The current COVID-19 epidemic has highlighted the availability and the results of medical diagnostic tests. As a physician, I treat the results of lab tests like I treat movie recommendations from a friend – I am always skeptical. For the movies, I need to consider my friend’s suggestion in the context of their mood, tastes, current life crises, and track record. A context also needs to be created for ordering and interpreting test results, including the patient’s current complaints and symptoms, recent activities, and medical history combined with findings on exam, my personal experience and the expertise of my colleagues, and information from published medical studies. My friend’s movie judgments are occasionally biased and off-kilter. In the same way, medical diagnostic test results are not perfect. There is always the chance that they provide incorrect information.
Medical professionals, policymakers, and members of the general public may overestimate the accuracy of diagnostic tests. The usefulness of any test depends on how likely the patient has the disease, the ability of the test to correctly identify the disease, and the capability of the test to correctly confirm the condition is not present. Unfortunately, test results will be negative for some people that actually have the disease, and some people without the disease will have positive tests.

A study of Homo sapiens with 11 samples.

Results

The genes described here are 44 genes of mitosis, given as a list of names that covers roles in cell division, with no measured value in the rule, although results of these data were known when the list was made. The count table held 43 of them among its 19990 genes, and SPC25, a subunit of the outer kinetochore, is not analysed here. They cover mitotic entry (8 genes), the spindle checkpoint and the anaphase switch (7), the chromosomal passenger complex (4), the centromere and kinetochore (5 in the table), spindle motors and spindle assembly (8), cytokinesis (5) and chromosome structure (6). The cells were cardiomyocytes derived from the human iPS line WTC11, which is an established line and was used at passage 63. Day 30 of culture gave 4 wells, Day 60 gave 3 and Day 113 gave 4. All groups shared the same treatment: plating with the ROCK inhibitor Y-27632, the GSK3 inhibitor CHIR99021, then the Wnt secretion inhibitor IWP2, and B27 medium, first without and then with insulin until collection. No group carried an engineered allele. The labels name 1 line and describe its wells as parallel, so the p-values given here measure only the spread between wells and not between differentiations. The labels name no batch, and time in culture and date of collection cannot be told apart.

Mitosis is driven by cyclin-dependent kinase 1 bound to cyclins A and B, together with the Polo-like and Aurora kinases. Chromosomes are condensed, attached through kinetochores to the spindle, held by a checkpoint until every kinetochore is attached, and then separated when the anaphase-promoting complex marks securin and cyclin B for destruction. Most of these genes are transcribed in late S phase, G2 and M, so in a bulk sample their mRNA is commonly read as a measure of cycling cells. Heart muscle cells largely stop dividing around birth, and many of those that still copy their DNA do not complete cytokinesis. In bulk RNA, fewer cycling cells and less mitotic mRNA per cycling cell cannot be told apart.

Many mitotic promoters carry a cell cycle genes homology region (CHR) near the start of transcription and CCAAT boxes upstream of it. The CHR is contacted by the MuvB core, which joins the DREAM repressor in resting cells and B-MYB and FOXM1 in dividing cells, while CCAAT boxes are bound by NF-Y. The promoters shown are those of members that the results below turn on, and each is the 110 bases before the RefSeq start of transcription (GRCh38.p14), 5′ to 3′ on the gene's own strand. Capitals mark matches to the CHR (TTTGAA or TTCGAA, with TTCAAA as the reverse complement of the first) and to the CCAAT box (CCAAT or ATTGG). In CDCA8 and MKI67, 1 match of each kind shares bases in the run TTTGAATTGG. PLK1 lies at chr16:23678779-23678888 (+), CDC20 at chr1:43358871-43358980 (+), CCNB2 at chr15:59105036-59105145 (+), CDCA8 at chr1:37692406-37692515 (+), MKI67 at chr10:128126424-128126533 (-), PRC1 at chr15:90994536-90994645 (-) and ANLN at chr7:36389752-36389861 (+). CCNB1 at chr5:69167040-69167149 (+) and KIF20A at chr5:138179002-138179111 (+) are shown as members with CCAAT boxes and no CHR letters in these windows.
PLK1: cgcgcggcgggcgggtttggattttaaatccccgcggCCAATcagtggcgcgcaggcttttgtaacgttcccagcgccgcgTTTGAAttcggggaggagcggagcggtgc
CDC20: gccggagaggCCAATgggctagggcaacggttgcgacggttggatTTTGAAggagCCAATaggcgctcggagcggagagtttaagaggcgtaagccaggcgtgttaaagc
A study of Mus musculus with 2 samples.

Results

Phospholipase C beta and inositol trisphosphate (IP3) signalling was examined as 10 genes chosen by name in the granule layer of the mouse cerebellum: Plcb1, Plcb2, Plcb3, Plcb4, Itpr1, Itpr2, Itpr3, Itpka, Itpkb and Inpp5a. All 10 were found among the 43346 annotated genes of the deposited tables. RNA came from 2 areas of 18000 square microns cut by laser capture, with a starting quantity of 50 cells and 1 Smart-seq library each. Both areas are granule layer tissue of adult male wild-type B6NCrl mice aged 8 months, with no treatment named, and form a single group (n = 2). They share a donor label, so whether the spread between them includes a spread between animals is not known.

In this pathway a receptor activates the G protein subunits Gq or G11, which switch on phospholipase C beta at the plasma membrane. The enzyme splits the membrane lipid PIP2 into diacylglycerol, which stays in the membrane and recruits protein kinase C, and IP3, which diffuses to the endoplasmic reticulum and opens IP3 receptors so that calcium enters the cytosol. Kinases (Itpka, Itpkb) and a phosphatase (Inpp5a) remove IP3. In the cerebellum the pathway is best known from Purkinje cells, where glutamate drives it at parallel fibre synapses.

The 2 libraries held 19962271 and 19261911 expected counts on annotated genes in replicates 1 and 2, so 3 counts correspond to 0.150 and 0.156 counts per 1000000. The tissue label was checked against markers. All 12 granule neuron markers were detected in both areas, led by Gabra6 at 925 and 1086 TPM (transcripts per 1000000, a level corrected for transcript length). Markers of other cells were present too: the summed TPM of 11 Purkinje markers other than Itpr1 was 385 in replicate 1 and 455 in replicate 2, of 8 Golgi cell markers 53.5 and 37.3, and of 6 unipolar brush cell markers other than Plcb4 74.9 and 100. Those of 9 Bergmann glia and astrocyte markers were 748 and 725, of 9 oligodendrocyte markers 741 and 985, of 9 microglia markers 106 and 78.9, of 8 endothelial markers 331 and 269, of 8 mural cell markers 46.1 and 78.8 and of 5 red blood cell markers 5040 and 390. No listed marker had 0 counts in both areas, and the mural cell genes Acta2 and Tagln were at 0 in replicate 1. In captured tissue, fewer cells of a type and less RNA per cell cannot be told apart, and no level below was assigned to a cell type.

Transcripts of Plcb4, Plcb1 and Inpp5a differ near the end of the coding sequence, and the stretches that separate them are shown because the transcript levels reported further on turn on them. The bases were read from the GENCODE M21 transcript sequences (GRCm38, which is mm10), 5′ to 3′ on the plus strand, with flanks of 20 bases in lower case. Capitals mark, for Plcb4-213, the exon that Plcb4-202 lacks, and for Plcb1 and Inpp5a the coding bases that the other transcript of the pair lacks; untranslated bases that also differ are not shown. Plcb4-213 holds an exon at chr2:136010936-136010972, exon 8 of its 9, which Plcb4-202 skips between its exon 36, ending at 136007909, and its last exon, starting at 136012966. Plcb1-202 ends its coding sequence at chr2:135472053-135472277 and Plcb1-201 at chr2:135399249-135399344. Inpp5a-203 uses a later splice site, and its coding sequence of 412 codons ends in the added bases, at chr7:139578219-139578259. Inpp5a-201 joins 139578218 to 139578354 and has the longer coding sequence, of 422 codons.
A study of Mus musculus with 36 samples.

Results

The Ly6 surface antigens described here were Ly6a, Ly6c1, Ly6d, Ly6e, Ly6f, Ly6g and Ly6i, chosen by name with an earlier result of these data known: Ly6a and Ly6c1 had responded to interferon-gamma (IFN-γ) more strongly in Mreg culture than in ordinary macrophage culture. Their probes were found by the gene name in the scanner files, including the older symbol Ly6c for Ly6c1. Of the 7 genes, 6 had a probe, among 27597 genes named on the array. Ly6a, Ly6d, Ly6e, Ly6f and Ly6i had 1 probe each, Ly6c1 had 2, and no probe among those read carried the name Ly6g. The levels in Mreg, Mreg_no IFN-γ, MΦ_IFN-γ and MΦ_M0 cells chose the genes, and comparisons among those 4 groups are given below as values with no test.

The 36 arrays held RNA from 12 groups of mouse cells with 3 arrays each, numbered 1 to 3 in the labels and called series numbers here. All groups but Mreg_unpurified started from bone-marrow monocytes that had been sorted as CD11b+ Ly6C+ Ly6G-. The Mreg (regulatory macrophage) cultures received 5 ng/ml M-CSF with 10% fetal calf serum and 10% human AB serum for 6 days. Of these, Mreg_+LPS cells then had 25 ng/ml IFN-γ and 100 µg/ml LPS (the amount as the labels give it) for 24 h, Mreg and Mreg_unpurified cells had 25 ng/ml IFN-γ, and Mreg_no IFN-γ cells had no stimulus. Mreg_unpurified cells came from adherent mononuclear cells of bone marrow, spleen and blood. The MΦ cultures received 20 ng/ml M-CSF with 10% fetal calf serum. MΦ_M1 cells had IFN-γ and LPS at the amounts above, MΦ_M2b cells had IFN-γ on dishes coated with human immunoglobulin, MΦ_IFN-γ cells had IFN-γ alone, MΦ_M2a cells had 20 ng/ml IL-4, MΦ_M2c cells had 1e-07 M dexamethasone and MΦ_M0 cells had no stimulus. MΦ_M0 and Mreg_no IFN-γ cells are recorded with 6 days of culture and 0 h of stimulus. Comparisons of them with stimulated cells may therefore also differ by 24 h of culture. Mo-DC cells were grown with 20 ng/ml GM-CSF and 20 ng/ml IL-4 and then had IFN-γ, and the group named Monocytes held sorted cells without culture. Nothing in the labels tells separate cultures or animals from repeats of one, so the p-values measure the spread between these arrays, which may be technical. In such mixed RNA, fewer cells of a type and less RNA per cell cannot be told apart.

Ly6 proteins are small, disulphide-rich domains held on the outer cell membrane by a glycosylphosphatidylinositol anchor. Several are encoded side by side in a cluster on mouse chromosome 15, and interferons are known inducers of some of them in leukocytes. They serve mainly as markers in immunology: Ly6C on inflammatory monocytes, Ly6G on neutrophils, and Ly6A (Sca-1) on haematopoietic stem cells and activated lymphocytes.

Other factors, such as when the test is taken during the course of the disease, how and from where the sample is obtained, and how the sample is transported and processed also affect the results.
The accuracy of the current COVID-19 tests is not precisely known. Reasonable estimates, based on test performance in China and the performance of the influenza tests, are that the tests will correctly identify around 60 percent of the patients with the disease and correctly identify 90 percent of the patients that are disease-free.
Assume that the physician thinks there is a 50 percent of the patient having COVID-19. Given the above numbers, if the patient has the disease, the test will be positive 85 percent of the time. Fifteen percent of the infected patients will incorrectly be diagnosed as not having the disease. If the patient does not have the disease, only 70 percent of the patients will have a negative test. It would take four consecutive negative tests to conclusively prove the patient did not have the disease.
Just as people should not demand a prescription for a medication based on TV ads, they should not seek unnecessary medical tests. Physicians and patients need to discuss whether any test, including the COVID-19 test, needs to be ordered and the ramifications of the results. Policymakers need to define the importance of testing in their plans.
Test kits for COVID-19 will be important tools for the containment and elimination of the virus, but their use needs to be incorporated into the overall strategy for combating the disease. A comprehensive approach, including the judicious use of testing, will be essential.
Richard L. Hutchison is a plastic surgeon.